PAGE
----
Hair strand and hair loss
Hair Care | Women

Hair myths: does stress make your hair fall out?

Is it true that stress can lead to hair loss? And does the problem disappear if you reduce your stress levels? We look at the facts

On average, we lose around 100 hairs every day. That might sound like a lot but it’s perfectly normal. However, if this increases significantly for a longer period of time, it’s known as hair loss and we should think about what’s causing it. There are lots of theories about why hair loss happens; pregnancy, dieting, too frequent brushing and stress are all common suspects. So is there any truth to these theories?

Why can stress lead to hair loss?

Just like skin, our hair reflects what’s going on in our lives and our emotions. When we’re under significant stress, it suffers with us, becoming less shiny and more brittle, and losing its vitality. If the stress continues over a longer period of time, so that the stress hormones can’t return to normal levels, this can affect the hair follicles, disturbing normal hair growth and in some cases causing hair loss, either all over the head or in circular patches. This can also happen several months after the stress ends.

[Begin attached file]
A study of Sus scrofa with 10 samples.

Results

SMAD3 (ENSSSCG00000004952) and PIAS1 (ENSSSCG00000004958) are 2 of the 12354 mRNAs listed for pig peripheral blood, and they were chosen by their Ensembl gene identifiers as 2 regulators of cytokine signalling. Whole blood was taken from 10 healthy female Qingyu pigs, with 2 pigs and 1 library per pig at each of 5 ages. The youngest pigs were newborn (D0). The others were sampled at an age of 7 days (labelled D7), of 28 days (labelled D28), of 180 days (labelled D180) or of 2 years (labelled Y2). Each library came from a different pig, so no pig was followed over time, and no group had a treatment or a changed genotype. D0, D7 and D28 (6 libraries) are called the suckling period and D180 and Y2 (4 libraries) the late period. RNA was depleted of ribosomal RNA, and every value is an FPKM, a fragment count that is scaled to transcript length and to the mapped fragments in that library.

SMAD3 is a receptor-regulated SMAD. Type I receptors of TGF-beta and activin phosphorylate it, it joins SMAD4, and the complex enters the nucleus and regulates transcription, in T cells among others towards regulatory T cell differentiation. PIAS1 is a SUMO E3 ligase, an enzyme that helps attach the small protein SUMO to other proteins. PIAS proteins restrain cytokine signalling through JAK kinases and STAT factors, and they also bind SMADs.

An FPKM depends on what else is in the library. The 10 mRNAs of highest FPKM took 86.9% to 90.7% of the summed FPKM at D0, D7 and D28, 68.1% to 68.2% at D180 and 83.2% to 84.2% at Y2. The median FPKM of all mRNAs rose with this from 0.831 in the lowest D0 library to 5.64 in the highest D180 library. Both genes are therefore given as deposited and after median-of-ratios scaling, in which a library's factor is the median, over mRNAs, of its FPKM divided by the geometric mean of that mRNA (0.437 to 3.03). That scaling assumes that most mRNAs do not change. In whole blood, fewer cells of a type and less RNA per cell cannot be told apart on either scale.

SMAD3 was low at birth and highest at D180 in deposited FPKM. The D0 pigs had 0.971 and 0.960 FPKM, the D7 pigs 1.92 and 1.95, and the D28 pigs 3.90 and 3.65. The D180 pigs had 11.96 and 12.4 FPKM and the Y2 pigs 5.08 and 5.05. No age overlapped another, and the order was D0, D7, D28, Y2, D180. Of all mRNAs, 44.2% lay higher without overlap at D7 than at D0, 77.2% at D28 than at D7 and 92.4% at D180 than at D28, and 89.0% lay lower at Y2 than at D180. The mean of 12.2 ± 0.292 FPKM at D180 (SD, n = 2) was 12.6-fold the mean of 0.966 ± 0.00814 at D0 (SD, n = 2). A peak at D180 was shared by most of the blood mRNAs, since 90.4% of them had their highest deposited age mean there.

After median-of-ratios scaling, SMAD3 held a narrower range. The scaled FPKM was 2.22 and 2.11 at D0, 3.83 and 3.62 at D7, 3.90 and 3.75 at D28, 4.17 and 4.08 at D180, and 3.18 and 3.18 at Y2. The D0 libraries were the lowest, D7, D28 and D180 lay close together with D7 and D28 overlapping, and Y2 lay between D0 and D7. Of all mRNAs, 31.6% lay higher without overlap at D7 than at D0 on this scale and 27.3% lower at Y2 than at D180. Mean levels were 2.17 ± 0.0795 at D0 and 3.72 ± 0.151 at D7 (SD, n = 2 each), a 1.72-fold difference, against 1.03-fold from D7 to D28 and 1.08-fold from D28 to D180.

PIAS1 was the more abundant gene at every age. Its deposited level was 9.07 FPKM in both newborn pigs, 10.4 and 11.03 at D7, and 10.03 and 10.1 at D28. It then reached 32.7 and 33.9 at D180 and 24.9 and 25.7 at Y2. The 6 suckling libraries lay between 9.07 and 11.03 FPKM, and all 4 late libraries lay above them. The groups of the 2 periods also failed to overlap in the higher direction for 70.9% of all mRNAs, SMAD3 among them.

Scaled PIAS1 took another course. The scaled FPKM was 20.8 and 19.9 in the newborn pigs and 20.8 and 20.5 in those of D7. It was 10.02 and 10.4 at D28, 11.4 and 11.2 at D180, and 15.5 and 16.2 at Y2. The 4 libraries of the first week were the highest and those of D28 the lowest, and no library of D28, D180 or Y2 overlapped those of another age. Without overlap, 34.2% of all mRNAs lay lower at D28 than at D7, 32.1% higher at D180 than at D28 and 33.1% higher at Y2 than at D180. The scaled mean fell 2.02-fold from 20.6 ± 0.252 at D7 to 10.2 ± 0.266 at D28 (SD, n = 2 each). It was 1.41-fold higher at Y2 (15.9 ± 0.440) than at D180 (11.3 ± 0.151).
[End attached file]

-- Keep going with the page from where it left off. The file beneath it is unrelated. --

Does the hair loss stop once stress is reduced?

As soon as stress levels fall, the hair loss should be reduced. Which sounds more simple than it is because you’ll need to identify what’s causing the stress and then avoid it. One way to try to reduce stress is to try to have a healthy lifestyle and get enough sleep, so your body can recover from your busy day. Yoga and autogenic training, which uses the body’s natural relaxation response, can help reduce stress. But be patient – the hair’s growing cycle is quite slow and it can take several months before you see real improvement. During this time, volume care products can make the hair appear fuller. Tip: stimulate the roots of your hair while you’re washing it, by massaging in the shampoo.